Afebrile hospitalized neonates with fever history: is early discharge possible?

  • Ramgopal S & al.
  • Pediatrics
  • 25 Jul 2019

  • International Clinical Digest

  • Neonates who remain afebrile during hospitalization despite a history of fever have reduced risk for serious bacterial infection.
  • These infants can possibly be safely discharged early after observation.
  • Being afebrile was not associated with risk change for invasive bacterial infection. 

Why this matters

  • These infants have historically been assumed to have infection risk that is the same as that for infants who present with fever.
  • When they have a history of fever but are afebrile at presentation, appropriate management has been a conundrum.

Key results

  • Vs a febrile presentation, ORs and 95% CIs for serious bacterial infection:
    • Afebrile, with no fever during hospitalization: 0.42 (0.23-0.79).
    • Afebrile, subsequent fever during hospitalization: 1.93 (1.07-3.50).
  • No significant differences between febrile presentation vs afebrile/no subsequent fever in odds for diagnosis of an invasive bacterial infection: 0.52 (95% CI, 0.19-1.51).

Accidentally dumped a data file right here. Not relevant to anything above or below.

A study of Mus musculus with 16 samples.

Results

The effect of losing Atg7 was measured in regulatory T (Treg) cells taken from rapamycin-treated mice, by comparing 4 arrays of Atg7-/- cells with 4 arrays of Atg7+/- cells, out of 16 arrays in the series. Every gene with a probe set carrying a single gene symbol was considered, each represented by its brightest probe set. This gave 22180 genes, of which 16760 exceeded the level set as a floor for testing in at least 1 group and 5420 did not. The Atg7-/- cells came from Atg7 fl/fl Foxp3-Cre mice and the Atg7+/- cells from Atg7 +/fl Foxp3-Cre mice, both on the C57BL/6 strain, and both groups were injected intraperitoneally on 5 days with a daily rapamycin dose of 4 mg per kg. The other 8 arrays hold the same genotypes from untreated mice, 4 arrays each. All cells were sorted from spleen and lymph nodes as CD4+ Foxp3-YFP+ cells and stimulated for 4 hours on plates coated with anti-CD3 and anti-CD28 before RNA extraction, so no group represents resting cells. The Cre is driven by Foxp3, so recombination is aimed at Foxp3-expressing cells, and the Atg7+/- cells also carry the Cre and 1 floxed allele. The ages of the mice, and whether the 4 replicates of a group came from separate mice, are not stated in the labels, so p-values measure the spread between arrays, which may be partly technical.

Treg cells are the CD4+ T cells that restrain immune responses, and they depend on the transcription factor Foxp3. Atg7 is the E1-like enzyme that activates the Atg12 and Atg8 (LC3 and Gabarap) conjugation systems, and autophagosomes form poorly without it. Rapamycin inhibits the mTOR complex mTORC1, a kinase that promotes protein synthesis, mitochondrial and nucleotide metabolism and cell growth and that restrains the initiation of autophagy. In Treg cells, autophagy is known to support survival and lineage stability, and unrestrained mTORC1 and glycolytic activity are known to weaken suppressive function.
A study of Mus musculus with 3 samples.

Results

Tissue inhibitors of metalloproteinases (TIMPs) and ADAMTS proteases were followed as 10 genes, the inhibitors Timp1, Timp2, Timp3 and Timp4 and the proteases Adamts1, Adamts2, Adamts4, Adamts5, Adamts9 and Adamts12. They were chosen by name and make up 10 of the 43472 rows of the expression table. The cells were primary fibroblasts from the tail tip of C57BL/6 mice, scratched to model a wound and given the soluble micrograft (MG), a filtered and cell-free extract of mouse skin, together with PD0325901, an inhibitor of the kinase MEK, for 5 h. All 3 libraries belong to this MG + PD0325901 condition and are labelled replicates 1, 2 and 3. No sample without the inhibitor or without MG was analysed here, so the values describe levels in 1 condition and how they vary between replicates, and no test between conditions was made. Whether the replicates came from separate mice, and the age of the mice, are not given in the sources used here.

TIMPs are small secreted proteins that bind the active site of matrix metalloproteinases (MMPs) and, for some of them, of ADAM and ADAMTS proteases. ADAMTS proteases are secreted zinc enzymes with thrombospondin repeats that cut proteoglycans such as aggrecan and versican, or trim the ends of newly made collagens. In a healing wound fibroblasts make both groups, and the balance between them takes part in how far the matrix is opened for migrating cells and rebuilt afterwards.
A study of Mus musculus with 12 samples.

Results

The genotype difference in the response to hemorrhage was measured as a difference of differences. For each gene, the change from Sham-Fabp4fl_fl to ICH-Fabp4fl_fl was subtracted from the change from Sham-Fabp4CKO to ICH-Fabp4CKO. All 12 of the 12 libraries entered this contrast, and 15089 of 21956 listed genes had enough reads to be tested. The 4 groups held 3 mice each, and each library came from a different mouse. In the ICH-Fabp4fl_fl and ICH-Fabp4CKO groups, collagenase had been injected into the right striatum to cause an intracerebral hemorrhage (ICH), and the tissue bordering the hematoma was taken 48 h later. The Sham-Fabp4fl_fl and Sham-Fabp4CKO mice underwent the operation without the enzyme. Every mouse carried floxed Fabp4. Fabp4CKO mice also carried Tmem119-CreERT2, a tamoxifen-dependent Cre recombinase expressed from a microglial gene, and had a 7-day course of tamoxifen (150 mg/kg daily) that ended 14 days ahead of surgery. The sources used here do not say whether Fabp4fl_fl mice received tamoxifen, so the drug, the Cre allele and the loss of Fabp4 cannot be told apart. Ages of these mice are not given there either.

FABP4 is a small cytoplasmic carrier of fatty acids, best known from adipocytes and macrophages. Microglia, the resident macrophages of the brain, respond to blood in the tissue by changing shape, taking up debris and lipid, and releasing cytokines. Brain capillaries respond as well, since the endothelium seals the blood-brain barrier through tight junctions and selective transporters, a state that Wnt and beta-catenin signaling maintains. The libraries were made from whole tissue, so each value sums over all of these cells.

• Infants who had been given antipyretics and were afebrile at presentation tended to develop fever during hospitalization (7/12 infants; 58.3%).

Study design

  • Single-center, retrospective study, 931 infants; mean age, 18.1 (standard deviation, 7.3) days.
  • 60.2% presented with fever; the rest were afebrile.
  • Funding: No external funding.

Limitations

  • The usual limitations of a retrospective design apply.
  • Some clinicians may have foregone testing for infection in afebrile infants.